Editor's Note: This article originally appeared in the January 2012 issue of The Old Schoolhouse® Magazine, the trade magazine for homeschool families. Read the magazine free at www.TOSMagazine.com or read it on the go and download the free apps at www.TOSApps.com to read the magazine on your mobile devices.

Headlines abound detailing the dismal performance of American students when they make the leap from elementary to upper-level math. In the areas of creative problem-solving, fluency of ideas, and mental agility, our students are falling short. Why?

Could it be we are expecting teens to give up an important part of the learning process? In early years, we use pattern blocks and toothpicks to give our students pictures of new math concepts. Yet, when students graduate to Algebra, Geometry, or Calculus courses, the tangible tools of math (manipulatives, games, and hands-on activities) yield the floor to more “mature” learning techniques. 

Unfortunately, what gets lost in that transition is a matter of brain function. More complicated math operations call more of the brain into action. Even though the sequential processing needed to perform a calculus problem may come from the left hemisphere, the right hemisphere is needed to access the big picture. Removing the tangible tools for seeing that big picture inhibits the student from tackling the problem with both sides of the brain.

A Question of Outcomes

Exceptional educators know that by attacking a problem or concept from the concrete to the abstract to the theoretical, students are able to interact with the material in a 360-degree fashion. My husband’s high school Physics teacher was a genius at taking the abstract algebraic and calculus concepts used in physics and making them meaningful to the teenage mind. He used architecture, footballs, and model rockets to generate interest and make them think. He understood that math games don’t become obsolete when students reach a certain age. Instead, they simply morph from beans and teddy bear counters into activities with substantially more “wow” factor.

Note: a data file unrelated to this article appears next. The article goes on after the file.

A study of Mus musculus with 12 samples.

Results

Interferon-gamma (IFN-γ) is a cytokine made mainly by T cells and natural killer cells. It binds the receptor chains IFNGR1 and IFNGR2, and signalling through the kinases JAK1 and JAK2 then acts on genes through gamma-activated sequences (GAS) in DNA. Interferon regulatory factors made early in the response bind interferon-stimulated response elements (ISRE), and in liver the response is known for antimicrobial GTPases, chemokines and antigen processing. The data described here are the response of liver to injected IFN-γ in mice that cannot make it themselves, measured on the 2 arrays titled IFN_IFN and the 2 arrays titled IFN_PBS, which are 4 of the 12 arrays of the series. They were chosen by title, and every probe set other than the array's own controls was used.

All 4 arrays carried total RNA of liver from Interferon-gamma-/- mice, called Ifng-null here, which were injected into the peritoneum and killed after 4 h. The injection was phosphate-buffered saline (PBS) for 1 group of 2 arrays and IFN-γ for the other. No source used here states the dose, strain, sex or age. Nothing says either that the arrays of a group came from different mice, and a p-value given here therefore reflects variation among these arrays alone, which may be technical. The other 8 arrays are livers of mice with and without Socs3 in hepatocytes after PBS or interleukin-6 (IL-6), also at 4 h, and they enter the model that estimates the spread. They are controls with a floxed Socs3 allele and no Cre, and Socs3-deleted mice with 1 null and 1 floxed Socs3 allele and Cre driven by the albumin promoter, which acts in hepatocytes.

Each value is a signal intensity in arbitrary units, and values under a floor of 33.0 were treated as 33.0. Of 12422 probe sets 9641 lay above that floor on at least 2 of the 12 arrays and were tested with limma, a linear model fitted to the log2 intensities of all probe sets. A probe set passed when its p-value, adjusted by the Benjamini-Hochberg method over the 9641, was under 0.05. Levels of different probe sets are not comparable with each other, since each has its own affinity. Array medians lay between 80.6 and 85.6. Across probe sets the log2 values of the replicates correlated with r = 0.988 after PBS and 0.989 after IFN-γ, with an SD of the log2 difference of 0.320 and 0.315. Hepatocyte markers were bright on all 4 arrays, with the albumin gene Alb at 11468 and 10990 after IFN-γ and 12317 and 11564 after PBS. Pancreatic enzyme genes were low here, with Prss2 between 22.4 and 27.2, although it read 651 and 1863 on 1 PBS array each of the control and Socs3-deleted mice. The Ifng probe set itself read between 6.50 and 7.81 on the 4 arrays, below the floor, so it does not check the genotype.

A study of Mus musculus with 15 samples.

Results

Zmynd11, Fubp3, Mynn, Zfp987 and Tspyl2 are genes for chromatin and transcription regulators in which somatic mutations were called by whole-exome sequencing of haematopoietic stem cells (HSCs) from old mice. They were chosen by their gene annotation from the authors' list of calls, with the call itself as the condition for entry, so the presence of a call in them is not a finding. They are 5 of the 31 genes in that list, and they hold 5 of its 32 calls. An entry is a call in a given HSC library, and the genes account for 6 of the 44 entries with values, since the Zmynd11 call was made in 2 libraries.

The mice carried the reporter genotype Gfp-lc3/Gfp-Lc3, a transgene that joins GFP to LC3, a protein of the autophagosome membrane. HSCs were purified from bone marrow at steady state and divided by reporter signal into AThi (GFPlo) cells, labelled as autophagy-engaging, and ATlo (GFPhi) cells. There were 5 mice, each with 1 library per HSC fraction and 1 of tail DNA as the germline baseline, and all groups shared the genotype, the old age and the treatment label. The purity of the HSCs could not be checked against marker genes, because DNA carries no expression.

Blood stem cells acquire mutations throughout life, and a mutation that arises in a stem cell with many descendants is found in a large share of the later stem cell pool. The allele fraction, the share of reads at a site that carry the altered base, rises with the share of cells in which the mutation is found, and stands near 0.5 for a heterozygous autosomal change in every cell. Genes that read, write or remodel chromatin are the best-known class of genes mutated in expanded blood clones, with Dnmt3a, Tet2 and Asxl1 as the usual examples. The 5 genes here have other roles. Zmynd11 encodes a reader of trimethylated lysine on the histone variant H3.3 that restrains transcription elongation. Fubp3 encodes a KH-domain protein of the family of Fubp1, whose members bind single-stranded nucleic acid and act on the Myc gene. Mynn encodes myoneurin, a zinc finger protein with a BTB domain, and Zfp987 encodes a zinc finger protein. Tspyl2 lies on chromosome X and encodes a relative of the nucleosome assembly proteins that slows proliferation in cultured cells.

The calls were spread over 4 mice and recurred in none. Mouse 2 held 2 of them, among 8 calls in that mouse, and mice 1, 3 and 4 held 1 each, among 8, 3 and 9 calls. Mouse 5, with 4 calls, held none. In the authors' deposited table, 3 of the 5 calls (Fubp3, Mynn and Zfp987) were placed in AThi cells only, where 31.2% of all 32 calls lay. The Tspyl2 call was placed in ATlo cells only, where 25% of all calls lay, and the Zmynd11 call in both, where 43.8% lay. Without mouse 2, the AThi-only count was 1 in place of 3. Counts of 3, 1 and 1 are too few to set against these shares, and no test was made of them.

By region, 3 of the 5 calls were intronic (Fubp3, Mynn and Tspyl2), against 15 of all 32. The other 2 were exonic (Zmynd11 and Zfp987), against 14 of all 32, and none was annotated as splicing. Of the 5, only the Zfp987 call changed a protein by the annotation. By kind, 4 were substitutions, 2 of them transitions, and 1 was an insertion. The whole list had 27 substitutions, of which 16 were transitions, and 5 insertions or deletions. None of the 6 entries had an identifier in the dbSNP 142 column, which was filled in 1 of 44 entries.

That Physics professor’s example forms a compelling case for the use of tangible education tools in the upper grades. It also raises the question of ultimate outcomes. What are we really trying to accomplish through math education? The discipline of math rests on a foundation of analytical abilities. Three of these—problem-solving competence, reasoning ability, and flexible thinking in application—are skills that cultivate a quick and agile brain by utilizing both hemispheres. Let’s take a closer look at how tangible math provides that type of 360-degree comprehension. 

Creative Problem-Solving

Mathematical concepts occur in relationship to one another. They build on each other, parlay off one another, and because math is a step-dependent discipline, each step requires a correct answer to move the problem forward. Relationships like these are best discovered and analyzed with the help of symbolic representation. This is where tangible tools shine. As students are given a pictorial peg to hang a concept on, they can work through each step and see relationships they may otherwise overlook. In this way, manipulative tools accelerate understanding and let the mind process relationships, leading to creative solutions. 

Fluency of Ideas

Real success in upper-level math courses rests on the student’s ability to think mathematically rather than plugging numbers into formulas. Evidence of mastery involves explaining why a solution is valid. Hands-on activities provide an impetus for students to take a concept, internalize it, and bring it to a logical conclusion. After solving a problem in this manner, students have the confidence and understanding to defend their position.